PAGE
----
MIPCOM: Sony CEO Says "There's More Good Television Programming Than Ever Before"
Just trust in the power of "Kando," or a wow factor that stimulates an emotional response from viewers, Kazuo Hirai, the boss of the Japanese electronics and entertainment giant, tells his Cannes audience.
Don't tell Sony Corp. CEO Kazuo Hirai that "Peak TV" means the golden age of the medium is close to ending.
"There's more good television programming than ever before in history," the Japanese entertainment and electronics conglomerate's boss on Monday told the MIPCOM audience in Cannes during his opening keynote address.
But consumer viewing habits are rapidly changing, Hirai conceded, leading Sony Corp. to unleash what he called "Kando," or a wow factor that has the power to stimulate an emotional response in audiences to content.
"'Kando' means emotional involvement and moving people emotionally. We are always thinking about not only what we can do, or how to create it, but why? Will our efforts make your life better, more meaningful?" Hirai said in his keynote about meeting audience demand.
Delivering meaningful customer experiences touted by Hirai is crucial to Sony as it continues to compete with digital rivals like Amazon, Apple, Facebook and Google, whose platforms allow them to interact with their own customers daily. Changing consumer habits also mean content makers and distributors need to be flexible and strategic in how they meet audience demand across a range of platforms.
"Matching the right product with the right program for buyers, there's growing demand for must-have content among larger channels who command premium pricing, and more niche channels with loyal followers seeking a more modest pricing model for only the content they want," said the exec.
"While emerging markets seek more Hollywood product, there's also a desire to take a more tailored approach to network programming as well," added Hirai. In an increasingly competitive and complex entertainment business, the Sony Corp. topper pointed to kando as a key to helping deliver to consumers what they want and need.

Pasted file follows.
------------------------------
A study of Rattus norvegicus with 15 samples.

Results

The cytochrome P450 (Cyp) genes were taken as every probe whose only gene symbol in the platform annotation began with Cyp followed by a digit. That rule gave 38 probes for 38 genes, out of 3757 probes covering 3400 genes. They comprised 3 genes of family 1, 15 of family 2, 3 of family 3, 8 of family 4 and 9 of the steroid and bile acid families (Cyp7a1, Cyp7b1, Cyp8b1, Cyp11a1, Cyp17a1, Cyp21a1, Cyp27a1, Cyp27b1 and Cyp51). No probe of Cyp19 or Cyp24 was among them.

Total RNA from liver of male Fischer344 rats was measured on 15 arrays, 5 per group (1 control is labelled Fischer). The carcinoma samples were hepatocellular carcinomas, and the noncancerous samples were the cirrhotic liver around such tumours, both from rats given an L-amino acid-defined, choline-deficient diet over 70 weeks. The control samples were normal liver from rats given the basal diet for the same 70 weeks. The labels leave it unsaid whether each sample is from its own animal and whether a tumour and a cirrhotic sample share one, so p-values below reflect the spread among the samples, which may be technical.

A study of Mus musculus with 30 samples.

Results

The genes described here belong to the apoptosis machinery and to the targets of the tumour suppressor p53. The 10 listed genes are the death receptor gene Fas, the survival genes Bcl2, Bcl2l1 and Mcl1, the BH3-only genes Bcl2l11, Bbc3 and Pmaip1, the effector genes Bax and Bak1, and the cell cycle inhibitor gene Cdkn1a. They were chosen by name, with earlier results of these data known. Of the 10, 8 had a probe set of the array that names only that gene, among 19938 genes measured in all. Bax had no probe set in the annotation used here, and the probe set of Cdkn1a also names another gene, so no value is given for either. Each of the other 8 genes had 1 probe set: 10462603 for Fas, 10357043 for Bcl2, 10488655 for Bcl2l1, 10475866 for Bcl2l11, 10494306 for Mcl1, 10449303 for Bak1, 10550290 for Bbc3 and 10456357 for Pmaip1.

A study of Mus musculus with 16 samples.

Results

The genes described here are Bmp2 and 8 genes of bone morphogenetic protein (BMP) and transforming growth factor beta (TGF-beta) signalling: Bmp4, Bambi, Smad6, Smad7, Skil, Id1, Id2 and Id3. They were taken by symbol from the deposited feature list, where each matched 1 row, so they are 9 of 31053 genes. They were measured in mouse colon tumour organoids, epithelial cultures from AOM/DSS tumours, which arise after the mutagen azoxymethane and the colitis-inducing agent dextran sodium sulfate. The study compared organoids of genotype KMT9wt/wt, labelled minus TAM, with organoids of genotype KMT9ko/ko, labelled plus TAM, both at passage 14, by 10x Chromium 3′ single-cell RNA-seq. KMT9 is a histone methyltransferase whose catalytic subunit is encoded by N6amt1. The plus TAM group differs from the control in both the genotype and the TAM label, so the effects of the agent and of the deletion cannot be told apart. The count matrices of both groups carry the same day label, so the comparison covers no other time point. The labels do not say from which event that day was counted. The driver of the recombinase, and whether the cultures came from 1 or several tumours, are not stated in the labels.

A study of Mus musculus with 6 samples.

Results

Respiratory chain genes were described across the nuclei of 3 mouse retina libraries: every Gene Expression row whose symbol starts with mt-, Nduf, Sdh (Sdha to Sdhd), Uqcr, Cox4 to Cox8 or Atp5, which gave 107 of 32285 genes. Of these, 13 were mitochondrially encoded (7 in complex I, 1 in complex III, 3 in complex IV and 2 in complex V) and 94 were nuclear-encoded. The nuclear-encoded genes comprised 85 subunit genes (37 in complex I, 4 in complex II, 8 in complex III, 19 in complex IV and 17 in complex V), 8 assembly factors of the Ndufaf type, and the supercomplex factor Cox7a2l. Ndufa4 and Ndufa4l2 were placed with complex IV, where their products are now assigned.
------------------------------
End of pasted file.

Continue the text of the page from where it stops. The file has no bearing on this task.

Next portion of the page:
That includes Ang Lee's latest movie, Billy Lynn's Long Halftime Walk, which was shot in groundbreaking 4K, 3D and 120 fps. That high frame rate, Hirai argued, promises a hyper-real immersive experience for moviegoers.
"He [Lee] is experimenting with a new visual language for storytelling, and that's what I call Kando," Hirai told the MIPCOM audience. Also in Sony's Kando arsenal is PlayStation VR, the electronics conglomerate's challenge to Facebook’s Oculus Rift and HTC Vive.
"We are able to provide an entirely new gaming experience and pay attention to audience reaction, and we intend to respond with content beyond gaming," said Hirai. Here Sony has created VR extensions of Sony Pictures content like The Walk, Ghostbusters and Goosebumps.
Hirai also touted Sony Electronics' 4K Ultra HDR TV sets to help revolutionize the television viewing experience. "HDR contains a 100 times wider dynamic range of colors and brightness than the current TV broadcast standards. This is screen quality closer than ever to what the human eye can see," he said.
And that viewer experience is promised for TV series from Sony like Breaking Bad, spinoff Better Call Saul and The Blacklist.